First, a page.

Understand Your Finances

You're in the gig economy. Here's how to save

This story is part of Resilient America, a series in which people share stories of how they've rebounded from personal challenges—and lessons for us all. It is presented by Chase.


There are many great aspects to working in the gig economy. "You have the opportunity to control the type of work you, when you do it, where you do it, how much you do it," says Diane Mulcahy, author of "The Gig Economy: The Complete Guide to Getting Better Work, Taking More Time Off, and Financing the Life You Want." She also teaches an MBA class at Babson College about the gig economy.

But when you work in the gig economy, you're also working without corporate America's traditional safety net. There isn't a paycheck every two weeks. There's no company-administered 401(k) plan. And there are certainly no employer contributions to your retirement.

According to a study by the JPMorgan Chase Institute, the average earnings for people in different kinds of gig economies were between roughly $1,000 a month to $1,250, but depended largely on the city. The study found that there could be as much as a four-fold difference in monthly earnings across cities.

Here are five tips to help you save when you're in the gig economy:

1. Be your own CFO

"Number one, and I hate to say this, is discipline," says Jonathan Medows, a certified public accountant in New York City who specializes in working with freelancers and self-employed people.

"You have to know your ups and downs. You have to know your economic cycles, your peaks and valleys, to save money for the leaner times."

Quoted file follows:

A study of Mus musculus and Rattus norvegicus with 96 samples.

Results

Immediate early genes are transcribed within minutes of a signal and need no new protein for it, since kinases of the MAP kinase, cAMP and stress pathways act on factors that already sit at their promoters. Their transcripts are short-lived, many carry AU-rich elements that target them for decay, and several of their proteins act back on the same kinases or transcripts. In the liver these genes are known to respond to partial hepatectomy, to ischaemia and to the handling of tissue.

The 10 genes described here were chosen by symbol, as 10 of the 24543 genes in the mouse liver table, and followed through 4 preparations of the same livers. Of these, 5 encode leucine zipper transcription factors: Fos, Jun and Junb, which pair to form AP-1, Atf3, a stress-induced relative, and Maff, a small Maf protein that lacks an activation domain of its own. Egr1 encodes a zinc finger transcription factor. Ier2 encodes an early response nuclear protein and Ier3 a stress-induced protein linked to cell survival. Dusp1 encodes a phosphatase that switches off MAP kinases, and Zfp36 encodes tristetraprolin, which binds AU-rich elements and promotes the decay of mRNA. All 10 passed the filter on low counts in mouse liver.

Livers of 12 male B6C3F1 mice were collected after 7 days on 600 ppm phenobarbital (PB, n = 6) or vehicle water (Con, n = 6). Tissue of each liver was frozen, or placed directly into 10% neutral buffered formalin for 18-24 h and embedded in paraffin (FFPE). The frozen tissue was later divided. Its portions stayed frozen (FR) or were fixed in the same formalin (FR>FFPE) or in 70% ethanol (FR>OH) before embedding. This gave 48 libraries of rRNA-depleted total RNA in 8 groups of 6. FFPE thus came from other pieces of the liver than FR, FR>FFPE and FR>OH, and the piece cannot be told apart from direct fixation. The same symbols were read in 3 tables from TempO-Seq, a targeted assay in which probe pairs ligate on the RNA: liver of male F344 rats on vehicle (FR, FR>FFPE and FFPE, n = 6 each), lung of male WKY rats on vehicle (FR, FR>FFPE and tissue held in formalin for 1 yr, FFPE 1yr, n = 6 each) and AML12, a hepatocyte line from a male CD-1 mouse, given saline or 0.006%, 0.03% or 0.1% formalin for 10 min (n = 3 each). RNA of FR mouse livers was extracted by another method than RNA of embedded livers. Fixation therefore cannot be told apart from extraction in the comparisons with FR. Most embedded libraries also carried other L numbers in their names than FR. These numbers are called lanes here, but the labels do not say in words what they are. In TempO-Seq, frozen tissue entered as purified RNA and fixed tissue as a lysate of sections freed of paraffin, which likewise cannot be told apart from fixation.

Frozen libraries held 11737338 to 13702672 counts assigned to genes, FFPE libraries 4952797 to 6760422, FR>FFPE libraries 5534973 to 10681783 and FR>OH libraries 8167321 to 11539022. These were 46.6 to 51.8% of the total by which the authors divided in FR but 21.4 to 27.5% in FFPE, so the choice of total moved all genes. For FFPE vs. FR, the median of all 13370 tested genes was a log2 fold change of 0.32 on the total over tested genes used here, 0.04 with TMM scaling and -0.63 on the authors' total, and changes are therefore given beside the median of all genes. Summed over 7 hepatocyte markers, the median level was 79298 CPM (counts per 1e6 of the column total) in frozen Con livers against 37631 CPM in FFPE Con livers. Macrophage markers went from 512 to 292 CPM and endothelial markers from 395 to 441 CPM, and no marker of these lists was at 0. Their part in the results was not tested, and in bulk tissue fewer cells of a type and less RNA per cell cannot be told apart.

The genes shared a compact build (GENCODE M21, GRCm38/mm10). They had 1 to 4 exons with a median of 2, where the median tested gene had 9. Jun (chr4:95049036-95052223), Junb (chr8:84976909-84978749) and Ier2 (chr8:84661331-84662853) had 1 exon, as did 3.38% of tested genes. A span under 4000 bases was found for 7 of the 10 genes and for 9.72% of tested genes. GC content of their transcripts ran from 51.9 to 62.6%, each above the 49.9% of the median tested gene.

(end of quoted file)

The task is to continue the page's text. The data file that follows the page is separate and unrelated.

Keep the long term in view, too. "Part of that discipline is putting money aside for retirement, for emergency savings, and for life events like buying a house," he says. When you work alone, you're the only one who can do this planning for you.

2. Save wherever you can

"The way to really save money in the gig economy," says Medows, "is to live a lower lifestyle than what's coming in. Stop buying the fancy cars, maybe not living in the fanciest neighborhood. This is being disciplined."

3. Separate your savings

"Every paycheck, put something aside," says Medows. Open several savings accounts, separate from your regular checking account, and use them to hold money dedicated to different purposes.

"Taxes come first," he says. "Set aside a third of every check for taxes." Use other accounts to build an emergency fund and to save for retirement. You can set up automatic transfers to make sure these savings happen.

4. Remember that some things favor freelancers

Full-time employees can put up to $18,500 into a 401(k) in the current tax year, although many also get an employer contribution on top of that. The current maximum contribution for a Simplified Employee Pension (SEP IPA), a tax-favored retirement savings account often used by self-employed workers, is about $53,000.

There are different tax-favored retirement plans that can benefit different independent workers. However you do it, you should aim to save about 10 percent of what you earn for retirement, and work with a financial advisor.

5. Use the emergency funds for emergencies

Some people in the gig economy know that their work is seasonal. Others go from big project to big project, landing a big payday and then seeing nothing come in for a while till the next one. You might do regular work but spend a long time waiting for clients to pay.

"If you're disciplined, if you know your cycles, you can plan for the down times by putting money aside, so that when you're hit you can deal with it," Medows says.

Borrow money from your emergency fund when you need to, but remember to pay yourself back. "My son needed braces, so I had to borrow money from my reserve fund," he says. "Then I paid myself back $100 every week till I paid it back."